Rugby World Cup 2021 (Playing In 2022) isn’t just the most unavoidably tricky mouthful of an international rugby tournament the world has ever seen, it’s also on track to be the biggest and most high profile women’s Rugby World Cup ever.
It’s also a rare opportunity for all of the world’s best women’s teams to showcase their jerseys in one place – some countries have made the most of this, and others… well they haven’t. Something that’s even more disappointing given that unions and manufacturers have had an extra year to create something bespoke.
Let’s check them all out anyway.
Points off Asics for relegating the Wallaroos to the 2019 template for their jerseys, but at least it makes the home shirt feel different from the equally clean and classic men’s versions. Top marks for the alternate/indigenous jersey however, which has its own bespoke indigenous artwork on the bottom.
In what will become a theme, the Canadian women are wearing a tweaked version of the design that the men and women have been wearing in both 7s and 15s for a couple of years now. The good news is that it’s at least a very nice design, with cool maple leaf pattern on the shoulders.
The Red Roses are the most dominant and successful international team to ever take a rugby field and as befits a union that sets the standard for how it treats its women’s elite players, the RFU have got Umbro to create a bespoke jersey for them for the last two years.
This one will carry on being worn for the rest of the year, but the George Cross motif across the shoulders looks like it was designed for that World Cup crest on the right, doesn’t it?
The Fijiana are the great unknowns of this tournament, having played less than 20 tests in the last two decades and having qualified from out of nowhere at the expense of Samoa last year. We’ve seen the men wear this shirt before of course, but it’s so damn awesome we can let it slide.
France will have to shake off the upheaval behind the scenes and a fiendishly tough group to make it deep into the tournament, but they’ll do it in this lovely bespoke kit from Le Coq Sportif, complete with lovely double chevron on the chest and an interesting squared off v-collar.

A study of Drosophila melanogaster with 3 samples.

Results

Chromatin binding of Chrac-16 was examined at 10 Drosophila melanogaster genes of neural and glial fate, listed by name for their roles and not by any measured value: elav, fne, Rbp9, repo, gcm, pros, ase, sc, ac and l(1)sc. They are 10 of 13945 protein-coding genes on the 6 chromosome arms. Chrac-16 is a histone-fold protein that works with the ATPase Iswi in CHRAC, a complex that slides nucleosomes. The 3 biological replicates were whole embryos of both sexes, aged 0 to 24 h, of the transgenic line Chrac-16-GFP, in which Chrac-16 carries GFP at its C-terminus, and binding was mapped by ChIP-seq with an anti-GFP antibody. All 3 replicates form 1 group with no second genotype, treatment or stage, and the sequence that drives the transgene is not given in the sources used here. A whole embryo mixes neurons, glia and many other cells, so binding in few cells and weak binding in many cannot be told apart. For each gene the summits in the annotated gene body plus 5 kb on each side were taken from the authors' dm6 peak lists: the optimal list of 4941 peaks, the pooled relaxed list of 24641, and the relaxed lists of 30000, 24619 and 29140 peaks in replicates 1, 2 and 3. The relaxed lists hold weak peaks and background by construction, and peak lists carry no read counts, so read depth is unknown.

Italy have beaten both France and Wales this year, so will be looking to cause some upsets in a very open Pool B. They’re wearing a jersey that’s identical to the new men’s design, complete with roman gladiator helmets embossed onto the body.
Japan’s 2019 Rugby World Cup jersey is one of the all-time great modern kits… we said as much at the time. However, two World Cups and every match in between feels like a bit of a stretch for one design, even one as good as this.
The hosts are a great unknown in this tournament – was the humiliating autumn of 2021 evidence of an insurmountable gap between the Black Ferns and the two European powerhouses, or will the changes made behind the scenes enable them to defend their title? Whatever happens, they’ll be doing it in this sleek and lovely bespoke jersey from Adidas.
Scotland will be wearing a World Cup-ified version of the new men’s and women’s 15s kit that was launched last month, and it is a very lovely design indeed, with sky blue accents and a proper collar, it’s one of the nicest kits at RWC2021(2).
SA Rugby will switch to Nike at the end of the 2022/23 season so it’s perhaps no surprise to see that Asics haven’t pulled out the stops for this kit. It is however, a shirt that the Boks have been wearing in one form or another since 2019, and it wasn’t even a classic to begin with.
It’s the USA’s first major tournament since upstarts Castore took over their kit deal, and this is certainly an interesting number – with varied types of stars and stripes decking the kit out in all sorts of leftfield places, it’s a very unique design.
Wales’ World Cup kit is ostensibly a tweaked version of the design that both men’s and women’s teams will be wearing for a second straight year, but that in itself is a bit strange. In this year’s Six Nations Wales wore a version of this shirt with an old-school collar that was unique to them (and MUCH nicer than the original).
No explanation was ever given for this, but we expected it was because the collar design looked to have been borrowed directly from the men’s shirt without any alteration and as such looked oversized and uncomfortable. This 2023 design looks to have rectified that somewhat, but we miss the old shirt!